Early 18th Century Edo Museum Grade Matchlock Musket(1 view)
Description: Early 18th century Edo matchlock musket has sterling silver "SASSA" (Bamboo Shoot) Kamon or family clan name on stock/heal. This is stunning and would be beautiful displayed on the wall or in a case. Measures 50.50" total. 1.75" stock. 3" End butt of stock. Fine oak stock in original finish. Decorated with inlaid brass and silver traditional designs on barrel. Brass hardware and embellishments throughout. Some inlay at barrel end are missing. Kanji character in wood above the SASSA Kamon seal. Engraved Samurai mask on top of stock at barrel in brass. Guns were introduced to Japan by Portuguese adventurers who were shipwrecked near the shore of Tanegashima, a small island south of Kyushu, in 1543. Matchlock pistols and guns modeled on the imported weapons began to be made in Japan and were an important feature of battles during the 1570s and 1580s. Technically the matchlock is a kind of musket, fired by mechanically touching a lighted fuse to a charge of shot and gunpowder. The matchlock’s effective range was about two hundred meters, and a well-trained soldier would be able to fire four shots per minute at most. But in Japan, where bows and arrows and stone catapults had been the only projectile weapons, firearms revolutionized battle strategy. Long-range fighting came to replace close combat and infantry superseded cavalry in importance.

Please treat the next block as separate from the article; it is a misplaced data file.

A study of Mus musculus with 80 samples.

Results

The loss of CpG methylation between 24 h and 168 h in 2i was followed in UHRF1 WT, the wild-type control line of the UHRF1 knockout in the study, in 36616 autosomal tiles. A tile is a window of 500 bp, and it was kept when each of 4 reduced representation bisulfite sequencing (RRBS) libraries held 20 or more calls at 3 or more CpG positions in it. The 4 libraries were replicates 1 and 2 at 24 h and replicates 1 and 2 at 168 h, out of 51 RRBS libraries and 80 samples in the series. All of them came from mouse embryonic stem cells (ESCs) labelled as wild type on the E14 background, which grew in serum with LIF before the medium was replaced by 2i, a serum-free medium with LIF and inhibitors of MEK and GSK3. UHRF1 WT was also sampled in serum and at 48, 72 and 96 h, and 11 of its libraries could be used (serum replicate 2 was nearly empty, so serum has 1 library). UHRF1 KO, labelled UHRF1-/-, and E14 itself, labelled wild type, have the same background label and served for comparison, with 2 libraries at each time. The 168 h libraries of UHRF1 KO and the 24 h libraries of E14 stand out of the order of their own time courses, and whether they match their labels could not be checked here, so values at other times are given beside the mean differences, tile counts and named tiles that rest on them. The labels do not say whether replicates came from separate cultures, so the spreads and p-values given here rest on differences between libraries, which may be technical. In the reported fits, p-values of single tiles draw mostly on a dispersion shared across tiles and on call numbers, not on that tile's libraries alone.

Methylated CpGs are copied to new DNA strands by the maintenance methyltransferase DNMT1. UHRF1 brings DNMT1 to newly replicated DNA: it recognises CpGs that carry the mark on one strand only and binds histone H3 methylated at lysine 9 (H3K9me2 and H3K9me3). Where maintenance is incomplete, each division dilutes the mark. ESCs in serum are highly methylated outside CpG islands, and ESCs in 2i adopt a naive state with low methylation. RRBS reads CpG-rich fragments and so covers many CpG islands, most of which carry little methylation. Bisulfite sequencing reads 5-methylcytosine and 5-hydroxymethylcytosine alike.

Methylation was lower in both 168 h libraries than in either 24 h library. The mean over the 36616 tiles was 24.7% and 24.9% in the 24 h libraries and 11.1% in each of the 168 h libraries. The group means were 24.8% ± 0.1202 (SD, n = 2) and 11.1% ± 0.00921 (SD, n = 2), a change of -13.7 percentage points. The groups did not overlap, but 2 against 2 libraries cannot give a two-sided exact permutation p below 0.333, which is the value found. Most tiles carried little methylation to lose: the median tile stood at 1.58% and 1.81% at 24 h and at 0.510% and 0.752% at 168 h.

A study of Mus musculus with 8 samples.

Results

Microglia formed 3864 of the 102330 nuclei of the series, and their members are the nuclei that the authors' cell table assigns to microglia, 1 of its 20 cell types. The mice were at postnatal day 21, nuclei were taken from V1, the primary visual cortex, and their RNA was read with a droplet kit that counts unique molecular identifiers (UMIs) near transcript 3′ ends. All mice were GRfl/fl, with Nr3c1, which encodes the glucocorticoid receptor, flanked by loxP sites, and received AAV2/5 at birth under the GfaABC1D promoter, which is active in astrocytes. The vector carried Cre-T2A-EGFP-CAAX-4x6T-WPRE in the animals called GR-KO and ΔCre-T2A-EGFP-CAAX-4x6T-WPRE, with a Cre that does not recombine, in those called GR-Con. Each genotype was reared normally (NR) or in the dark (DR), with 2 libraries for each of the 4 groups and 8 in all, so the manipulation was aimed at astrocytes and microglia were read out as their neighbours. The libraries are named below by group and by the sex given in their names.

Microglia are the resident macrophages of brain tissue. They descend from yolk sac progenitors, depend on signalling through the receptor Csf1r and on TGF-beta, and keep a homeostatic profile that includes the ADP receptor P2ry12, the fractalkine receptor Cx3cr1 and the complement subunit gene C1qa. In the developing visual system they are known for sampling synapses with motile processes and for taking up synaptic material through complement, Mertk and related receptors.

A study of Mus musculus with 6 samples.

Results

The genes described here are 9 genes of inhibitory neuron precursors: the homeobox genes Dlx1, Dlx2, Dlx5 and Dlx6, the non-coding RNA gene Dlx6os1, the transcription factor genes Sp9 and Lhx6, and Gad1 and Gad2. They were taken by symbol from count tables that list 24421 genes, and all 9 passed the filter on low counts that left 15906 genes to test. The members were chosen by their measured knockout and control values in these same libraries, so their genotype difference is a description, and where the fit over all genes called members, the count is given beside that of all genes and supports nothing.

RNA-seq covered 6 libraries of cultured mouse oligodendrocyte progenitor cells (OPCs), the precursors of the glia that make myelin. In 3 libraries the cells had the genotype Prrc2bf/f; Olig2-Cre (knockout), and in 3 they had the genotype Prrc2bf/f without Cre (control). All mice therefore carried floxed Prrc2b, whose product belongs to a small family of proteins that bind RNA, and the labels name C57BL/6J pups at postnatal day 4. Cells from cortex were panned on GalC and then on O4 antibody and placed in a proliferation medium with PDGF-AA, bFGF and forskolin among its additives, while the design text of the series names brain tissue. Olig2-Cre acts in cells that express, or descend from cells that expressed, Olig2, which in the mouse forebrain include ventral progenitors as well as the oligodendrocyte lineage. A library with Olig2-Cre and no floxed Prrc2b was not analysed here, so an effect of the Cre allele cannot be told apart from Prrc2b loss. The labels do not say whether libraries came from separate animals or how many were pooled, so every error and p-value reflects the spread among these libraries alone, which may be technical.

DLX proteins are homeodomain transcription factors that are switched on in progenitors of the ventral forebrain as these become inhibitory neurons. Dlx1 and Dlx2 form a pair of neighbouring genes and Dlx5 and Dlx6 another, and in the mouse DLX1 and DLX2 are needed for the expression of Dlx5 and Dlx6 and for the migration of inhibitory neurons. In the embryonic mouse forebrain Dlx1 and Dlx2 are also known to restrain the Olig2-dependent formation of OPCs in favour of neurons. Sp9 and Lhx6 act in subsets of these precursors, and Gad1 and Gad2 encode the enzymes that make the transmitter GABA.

Condition Report: Excellent, minor wear consistent with age. Some losses to inlay at barrel end and at breech.
Dimensions: 3" H x 1.75"D x 50.50"W
Artist or Maker: unknown
Medium: Brass, Oak, Steel, Sterling Silver
For a shipping estimate please contact us. For customers in the California Bay Area or Monterey, you can pick up your purchases in person at Robert Azensky Fine Art Gallery located at 3401 Porter Street #F, Soquel, California 95073 by appointment.